Costume in England: A History of Dress from the Earliest Period Till the Close of the Eighteenth Century : To which is Appended an Illustrated Glossary of Terms for All Articles of Use Or Ornament Worn about the Person

 

Seite 309 - I came one morning into the house well clad, and perceived a gentleman speaking, whom I knew not, very ordinarily apparelled, for it was a plain cloth suit, which seemed to have been made by an ill country tailor. His linen was plain, and not very clean; and I remember a speck or two of blood upon his little band, which was not much larger than his collar : his hat was without a hat-band; his stature was of a good size ; his sword stuck close to his side...
Seite 150 - Then was there flowing hair and extravagant dress; and then was invented the fashion of shoes with curved points; then the model for young men was to rival women in delicacy of person, to mince their gait, to walk with loose gesture, and half naked. Enervated and effeminate, they unwillingly remained what nature had made them; the assailers of others' chastity, prodigal of their own.
Seite 309 - I came into the House one morning, well clad, and perceived a gentleman speaking, whom I knew not, very ordinarily apparelled ; for it was a plain cloth suit, which seemed to have been made by an ill country tailor ; his linen was plain, and not very clean ; and I remember a speck or two of blood upon his...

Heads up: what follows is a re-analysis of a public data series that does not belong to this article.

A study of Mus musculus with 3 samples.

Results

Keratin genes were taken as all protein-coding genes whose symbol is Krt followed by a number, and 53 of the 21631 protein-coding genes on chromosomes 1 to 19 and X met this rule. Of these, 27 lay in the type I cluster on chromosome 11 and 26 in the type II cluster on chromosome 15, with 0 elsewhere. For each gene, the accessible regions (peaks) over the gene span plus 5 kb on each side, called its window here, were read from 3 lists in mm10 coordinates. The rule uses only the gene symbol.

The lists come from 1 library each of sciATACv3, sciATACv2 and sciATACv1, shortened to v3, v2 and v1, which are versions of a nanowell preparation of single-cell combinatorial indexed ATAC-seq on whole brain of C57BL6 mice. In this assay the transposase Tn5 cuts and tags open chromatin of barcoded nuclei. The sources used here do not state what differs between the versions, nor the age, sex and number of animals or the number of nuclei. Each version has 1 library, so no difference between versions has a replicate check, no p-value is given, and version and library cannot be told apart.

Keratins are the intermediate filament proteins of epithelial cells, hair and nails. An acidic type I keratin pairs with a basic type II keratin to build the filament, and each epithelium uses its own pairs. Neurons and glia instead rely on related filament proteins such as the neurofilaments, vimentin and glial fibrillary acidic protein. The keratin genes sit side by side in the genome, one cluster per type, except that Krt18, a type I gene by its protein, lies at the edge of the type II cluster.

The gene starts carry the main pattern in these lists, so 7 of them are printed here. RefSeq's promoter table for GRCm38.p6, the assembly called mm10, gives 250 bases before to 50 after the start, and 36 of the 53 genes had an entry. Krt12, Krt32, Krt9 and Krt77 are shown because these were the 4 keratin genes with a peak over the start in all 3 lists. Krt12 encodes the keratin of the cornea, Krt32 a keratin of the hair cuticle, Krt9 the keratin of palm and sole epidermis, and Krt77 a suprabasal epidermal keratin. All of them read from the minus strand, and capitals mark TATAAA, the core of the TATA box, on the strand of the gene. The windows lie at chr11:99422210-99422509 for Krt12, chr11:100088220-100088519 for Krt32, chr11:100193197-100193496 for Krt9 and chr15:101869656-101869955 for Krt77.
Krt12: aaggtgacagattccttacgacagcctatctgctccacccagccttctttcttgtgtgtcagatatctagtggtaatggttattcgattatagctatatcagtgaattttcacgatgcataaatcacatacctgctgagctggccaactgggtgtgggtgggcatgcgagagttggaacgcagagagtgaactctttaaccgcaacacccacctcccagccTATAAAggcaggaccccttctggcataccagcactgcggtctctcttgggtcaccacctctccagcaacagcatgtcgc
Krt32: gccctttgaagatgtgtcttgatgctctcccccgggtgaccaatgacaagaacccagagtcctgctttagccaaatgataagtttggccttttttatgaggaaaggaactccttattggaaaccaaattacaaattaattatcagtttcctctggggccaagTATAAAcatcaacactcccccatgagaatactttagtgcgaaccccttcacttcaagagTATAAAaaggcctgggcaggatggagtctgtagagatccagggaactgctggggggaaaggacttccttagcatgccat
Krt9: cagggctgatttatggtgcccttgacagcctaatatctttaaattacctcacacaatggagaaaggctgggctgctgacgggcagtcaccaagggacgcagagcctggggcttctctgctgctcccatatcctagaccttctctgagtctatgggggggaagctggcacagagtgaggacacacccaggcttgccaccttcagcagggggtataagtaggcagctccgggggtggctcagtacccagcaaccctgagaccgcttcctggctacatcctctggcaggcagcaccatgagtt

Seite 392 - Now drest in a cap, now naked in none, Now loose in a mob, now close in a Joan ; Without handkerchief now, and now buried in ruff, Now plain as a Quaker, now all of a puff ; Now a shape in neat stays, now a slattern in jumps, Now high in French heels, now low in your pumps ; Now monst'rous in hoop, now trapish, and walking With your petticoats clung to your heels, like a maulkin ; Like the cock on the tower, that shews you the weather, You are hardly the same for two days together.
Seite 391 - Thus finish'd in taste, while on Chloe you gaze, You may take the dear charmer for life, But never undress her — for, out of her stays You'll find you have lost half your wife...
Seite 579 - While spouts run clattering o'er the roof by fits, And ever and anon with frightful din The leather sounds ; he trembles from within. So when...
Seite 429 - Italian; one the new cut, another the old; one of the bravado fashion, another of the mean fashion; one a gentleman's cut, another the common cut; one cut of the court, another of the country, with infinite the like varieties, which I overpass.
Seite 619 - Costume in England. A HISTORY OF DRESS, from the Earliest Period until the close of the Eighteenth Century ; with a Glossary of Terms for all Articles of Use or Ornament worn about the Person. "By FW FAIRHOLT, FSA With upwards of 600 Engravings, drawn on Wood by the Author.
Seite 440 - The spinsters and the knitters in the sun, And the free maids that weave their thread with bones, Do use to chant it ; it is silly sooth, And dallies with the innocence of love, Like the old age.